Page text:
Dogma Alert

Monday, March 20, 2006

Christian convert could be executed

Mar. 20, 2006. 01:00 AM

KABUL—An Afghan man is being prosecuted in a Kabul court and could be sentenced to death on a charge of converting from Islam to Christianity, a crime under this country's Islamic laws, a judge said yesterday.

The trial, believed to be the first of its kind in Afghanistan, highlights a struggle between religious conservatives and reformists over what shape Islam should take here four years after the ouster of the Islamic fundamentalist Taliban regime.

The defendant, 41-year-old Abdul Rahman, was arrested last month after his family accused him of becoming a Christian, Judge Ansarullah Mawlavezada said in an interview. Rahman was charged with rejecting Islam and his trial started Thursday.

During the one-day hearing, the defendant confessed that he converted from Islam to Christianity 16 years ago while working as a medical aid worker for an international Christian group helping Afghan refugees in the Pakistani city of Peshawar, Mawlavezada said.

"We are not against any particular religion in the world. But in Afghanistan, this sort of thing is against the law," the judge said. "It is an attack on Islam."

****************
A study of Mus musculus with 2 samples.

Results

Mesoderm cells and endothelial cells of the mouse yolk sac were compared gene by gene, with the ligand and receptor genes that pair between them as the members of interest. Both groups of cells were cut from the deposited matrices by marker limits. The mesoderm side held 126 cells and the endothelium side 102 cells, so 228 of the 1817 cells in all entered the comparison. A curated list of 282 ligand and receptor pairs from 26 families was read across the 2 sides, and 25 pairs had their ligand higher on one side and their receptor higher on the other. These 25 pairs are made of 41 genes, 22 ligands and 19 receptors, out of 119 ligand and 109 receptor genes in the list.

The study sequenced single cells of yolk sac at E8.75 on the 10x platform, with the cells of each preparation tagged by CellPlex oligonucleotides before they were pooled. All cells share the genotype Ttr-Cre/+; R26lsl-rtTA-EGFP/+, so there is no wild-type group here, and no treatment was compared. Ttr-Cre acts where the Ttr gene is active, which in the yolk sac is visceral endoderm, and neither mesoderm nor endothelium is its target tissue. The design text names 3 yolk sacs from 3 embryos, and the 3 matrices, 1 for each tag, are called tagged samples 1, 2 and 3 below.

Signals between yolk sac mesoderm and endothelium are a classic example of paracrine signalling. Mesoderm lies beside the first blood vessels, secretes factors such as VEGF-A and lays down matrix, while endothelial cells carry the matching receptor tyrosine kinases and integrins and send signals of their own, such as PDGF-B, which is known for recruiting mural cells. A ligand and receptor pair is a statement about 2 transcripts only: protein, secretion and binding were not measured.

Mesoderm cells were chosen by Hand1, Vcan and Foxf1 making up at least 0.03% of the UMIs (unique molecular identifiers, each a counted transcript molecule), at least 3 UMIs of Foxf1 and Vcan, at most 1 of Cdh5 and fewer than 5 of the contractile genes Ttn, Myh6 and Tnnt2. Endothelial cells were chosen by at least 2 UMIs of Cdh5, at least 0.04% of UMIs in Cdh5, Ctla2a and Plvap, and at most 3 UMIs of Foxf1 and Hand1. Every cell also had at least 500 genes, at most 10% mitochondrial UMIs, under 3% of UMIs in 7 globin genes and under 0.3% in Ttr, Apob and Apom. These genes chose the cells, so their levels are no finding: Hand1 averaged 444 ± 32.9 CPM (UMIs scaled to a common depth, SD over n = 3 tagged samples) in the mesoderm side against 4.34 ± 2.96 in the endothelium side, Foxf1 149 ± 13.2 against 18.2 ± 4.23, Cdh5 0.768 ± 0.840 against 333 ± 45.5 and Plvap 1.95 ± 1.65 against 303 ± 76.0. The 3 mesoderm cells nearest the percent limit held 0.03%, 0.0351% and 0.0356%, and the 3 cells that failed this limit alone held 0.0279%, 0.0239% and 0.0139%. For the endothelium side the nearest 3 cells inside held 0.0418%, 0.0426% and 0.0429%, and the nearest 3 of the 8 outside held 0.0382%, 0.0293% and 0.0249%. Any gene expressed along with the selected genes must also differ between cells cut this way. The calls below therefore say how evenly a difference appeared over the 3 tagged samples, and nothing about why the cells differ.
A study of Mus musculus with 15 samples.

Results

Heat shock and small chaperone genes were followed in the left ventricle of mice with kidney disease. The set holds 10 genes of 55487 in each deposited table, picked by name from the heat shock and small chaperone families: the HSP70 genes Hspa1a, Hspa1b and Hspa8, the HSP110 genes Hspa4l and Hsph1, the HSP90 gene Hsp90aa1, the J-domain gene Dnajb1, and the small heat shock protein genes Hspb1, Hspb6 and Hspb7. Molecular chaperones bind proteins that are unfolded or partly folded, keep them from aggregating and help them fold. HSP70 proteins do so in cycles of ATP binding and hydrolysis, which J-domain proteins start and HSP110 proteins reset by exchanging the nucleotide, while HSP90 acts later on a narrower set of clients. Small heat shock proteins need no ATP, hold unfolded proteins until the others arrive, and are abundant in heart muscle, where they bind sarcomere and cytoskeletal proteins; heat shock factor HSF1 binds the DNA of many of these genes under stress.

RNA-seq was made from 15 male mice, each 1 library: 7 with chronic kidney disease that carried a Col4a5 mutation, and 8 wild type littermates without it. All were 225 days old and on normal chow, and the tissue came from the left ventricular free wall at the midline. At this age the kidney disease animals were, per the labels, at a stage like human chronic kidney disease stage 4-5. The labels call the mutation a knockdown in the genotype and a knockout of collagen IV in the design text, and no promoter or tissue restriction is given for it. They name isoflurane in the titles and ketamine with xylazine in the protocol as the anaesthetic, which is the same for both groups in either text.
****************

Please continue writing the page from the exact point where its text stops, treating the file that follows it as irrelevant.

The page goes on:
He said he would rule on the case within two months.

Afghanistan's constitution is based on sharia law, which is interpreted by many Muslims to require that any Muslim who rejects Islam be sentenced to death, said Ahmad Fahim Hakim, deputy chairman of the state-sponsored Afghanistan Independent Human Rights Commission.

The prosecutor, Abdul Wasi, said he had offered to drop the charges if Rahman converted back to Islam, but he refused.

Afghanistan is a conservative Islamic country. Some 99 per cent of its 28 million people are Muslim, and the remainder are mainly Hindu. A Christian aid worker in Kabul, who spoke on condition of anonymity, said there was no reliable figure for the number of Christians, though it was believed to be only in the dozens or low hundreds.

Hakim said that if Rahman was acquitted, it would be a propaganda win for the Taliban rebels. In the months before U.S.-led troops ousted the Taliban in 2001, the regime claimed Western aid groups were trying to convert Afghan Muslims. Eight foreign aid workers were arrested for allegedly preaching Christianity but later released.